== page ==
In my last column, I wrote about a soon-to-be introduced bipartisan bill called the Colorado Achievement Plan for Kids (or CAP4K). Since that time, legislation has been formally introduced in the state Senate and was assigned a bill number, SB 212.
SB 212 is supported by Gov. Bill Ritter and enjoys bipartisan sponsorship in the Senate (Sen. Josh Penry, R-Grand Junction, and Sen. Chris Romer, D-Denver) and the House (Rep. Christine Scanlan, D-Summit County, and myself).
The purpose of the bill is to update and expand academic standards for K-12 students and also update the system of assessments (otherwise known as tests, or more specifically, CSAP) whereby we test how well kids are learning the standards.
While some have described SB 212 as “revolutionary,” I believe the word “evolutionary” is more accurate. It’s a logical next step in the progression of school reforms over the past few decades.
A bit of history is helpful. In the early 1990s, Colorado adopted a set of model content standards, which define what a child should know as he or she progresses through the K-12 system. The purpose of model content standards is to ensure that every Colorado student receives the same core instruction in key subject areas.
In recent years, however, it’s become apparent that current model standards are not working as well as they should. A telltale sign is the fact that while Colorado has among the highest per-capita rate of advanced degrees in the country, we rank near the bottom in sending our high-schoolers to college — and of those kids who go on to college, nearly a third require remedial instruction in at least one subject.
This phenomenon — known as the “Colorado Paradox” — reflects a disconnect between our secondary and postsecondary education. It also shows that our model content standards should be more relevant to the requirements of colleges and universities.
SB 212 calls for the State Board of Education and the Colorado Department of Education to adopt new model content standards. Significantly, and for the first time, SB 212 allows Colorado colleges and universities (through the Colorado Commission on Higher Education) to have a hand in writing these standards, to ensure they properly prepare kids to succeed at the next level.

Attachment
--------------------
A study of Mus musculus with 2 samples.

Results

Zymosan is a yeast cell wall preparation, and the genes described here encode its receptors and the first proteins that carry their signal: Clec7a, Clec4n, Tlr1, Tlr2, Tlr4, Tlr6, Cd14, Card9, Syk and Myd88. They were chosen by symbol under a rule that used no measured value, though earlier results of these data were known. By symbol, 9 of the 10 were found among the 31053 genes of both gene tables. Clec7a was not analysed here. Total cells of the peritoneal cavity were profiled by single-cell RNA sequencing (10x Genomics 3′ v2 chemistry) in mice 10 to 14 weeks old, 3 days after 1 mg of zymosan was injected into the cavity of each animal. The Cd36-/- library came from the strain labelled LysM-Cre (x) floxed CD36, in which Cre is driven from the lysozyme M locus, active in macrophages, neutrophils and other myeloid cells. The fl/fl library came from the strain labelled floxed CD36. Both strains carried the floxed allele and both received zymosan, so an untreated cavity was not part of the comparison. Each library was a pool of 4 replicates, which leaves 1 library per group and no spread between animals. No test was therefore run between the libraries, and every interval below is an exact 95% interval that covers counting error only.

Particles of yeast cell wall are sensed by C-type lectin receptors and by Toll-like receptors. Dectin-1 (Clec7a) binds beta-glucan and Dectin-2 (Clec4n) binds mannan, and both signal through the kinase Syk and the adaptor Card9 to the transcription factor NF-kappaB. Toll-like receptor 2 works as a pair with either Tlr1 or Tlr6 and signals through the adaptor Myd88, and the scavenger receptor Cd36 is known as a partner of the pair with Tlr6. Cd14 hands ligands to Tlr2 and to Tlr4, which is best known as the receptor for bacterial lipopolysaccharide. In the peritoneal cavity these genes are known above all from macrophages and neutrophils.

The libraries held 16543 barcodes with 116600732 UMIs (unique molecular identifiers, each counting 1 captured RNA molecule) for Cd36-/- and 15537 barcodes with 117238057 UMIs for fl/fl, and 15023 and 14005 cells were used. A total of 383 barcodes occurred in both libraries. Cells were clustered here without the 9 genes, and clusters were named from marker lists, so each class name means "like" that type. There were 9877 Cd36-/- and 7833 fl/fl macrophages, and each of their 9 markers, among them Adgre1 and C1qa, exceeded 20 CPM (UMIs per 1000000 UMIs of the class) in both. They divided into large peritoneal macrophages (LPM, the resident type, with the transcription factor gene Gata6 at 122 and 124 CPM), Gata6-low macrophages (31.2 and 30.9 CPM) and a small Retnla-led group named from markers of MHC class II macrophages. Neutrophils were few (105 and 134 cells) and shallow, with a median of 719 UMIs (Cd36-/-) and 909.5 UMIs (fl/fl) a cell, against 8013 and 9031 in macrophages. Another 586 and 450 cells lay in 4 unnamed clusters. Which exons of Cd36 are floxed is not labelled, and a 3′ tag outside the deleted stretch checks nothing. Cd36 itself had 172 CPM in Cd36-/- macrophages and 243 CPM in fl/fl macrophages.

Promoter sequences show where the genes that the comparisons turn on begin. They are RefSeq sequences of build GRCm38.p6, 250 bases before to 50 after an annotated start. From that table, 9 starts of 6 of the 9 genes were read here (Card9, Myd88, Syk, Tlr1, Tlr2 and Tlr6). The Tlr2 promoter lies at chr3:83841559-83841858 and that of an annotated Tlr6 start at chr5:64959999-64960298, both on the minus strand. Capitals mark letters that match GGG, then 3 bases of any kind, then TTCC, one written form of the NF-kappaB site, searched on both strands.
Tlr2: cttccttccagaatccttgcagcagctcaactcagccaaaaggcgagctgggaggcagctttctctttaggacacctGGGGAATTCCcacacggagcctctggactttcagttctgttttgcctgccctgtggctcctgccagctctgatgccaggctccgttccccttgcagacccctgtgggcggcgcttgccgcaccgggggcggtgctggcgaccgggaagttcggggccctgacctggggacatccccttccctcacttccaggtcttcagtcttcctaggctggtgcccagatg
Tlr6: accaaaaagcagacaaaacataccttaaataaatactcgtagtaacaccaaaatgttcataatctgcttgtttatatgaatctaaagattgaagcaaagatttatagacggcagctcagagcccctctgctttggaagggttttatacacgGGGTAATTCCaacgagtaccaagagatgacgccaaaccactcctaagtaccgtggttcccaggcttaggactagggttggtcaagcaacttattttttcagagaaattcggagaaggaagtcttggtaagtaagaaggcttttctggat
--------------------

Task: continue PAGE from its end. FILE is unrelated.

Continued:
Colorado’s current model content standards were written when words like “e-mail” and “Internet” were just entering the American vocabulary. Obviously, much has changed since then. If our kids are going to compete in a 21st-century global economy, it’s time to move on from 20-century standards.
In addition to revising and expanding model content standards, SB 212 would call on the State Board of Education and the Colorado Department of Education to revise assessments that test how well students are progressing with respect to the standards.
Currently, CSAP is the method of assessing such progress, and there’s a growing consensus this system can be improved. While CSAP is time-consuming, it does not yield timely information that educators can use to improve classroom instruction (tests are administered in the spring, but results are not known until the next fall).
As a public school parent myself, I do not support scrapping CSAP without a viable substitute. Assessments are not only necessary to maintain accountability, they are required by federal law. However, SB 212 paves the way for that substitute — a new generation of assessments that will be less burdensome, more timely and more relevant to classroom instruction.
SB 212 has already passed the Senate Education Committee, and will next be heard in the Senate Appropriations Committee. As it progresses through the legislature, I will give updates on this exciting and potentially significant bipartisan reform effort.
Rob Witwer is the state representative for House District 25, which encompasses the Evergreen area and most of western Jefferson County.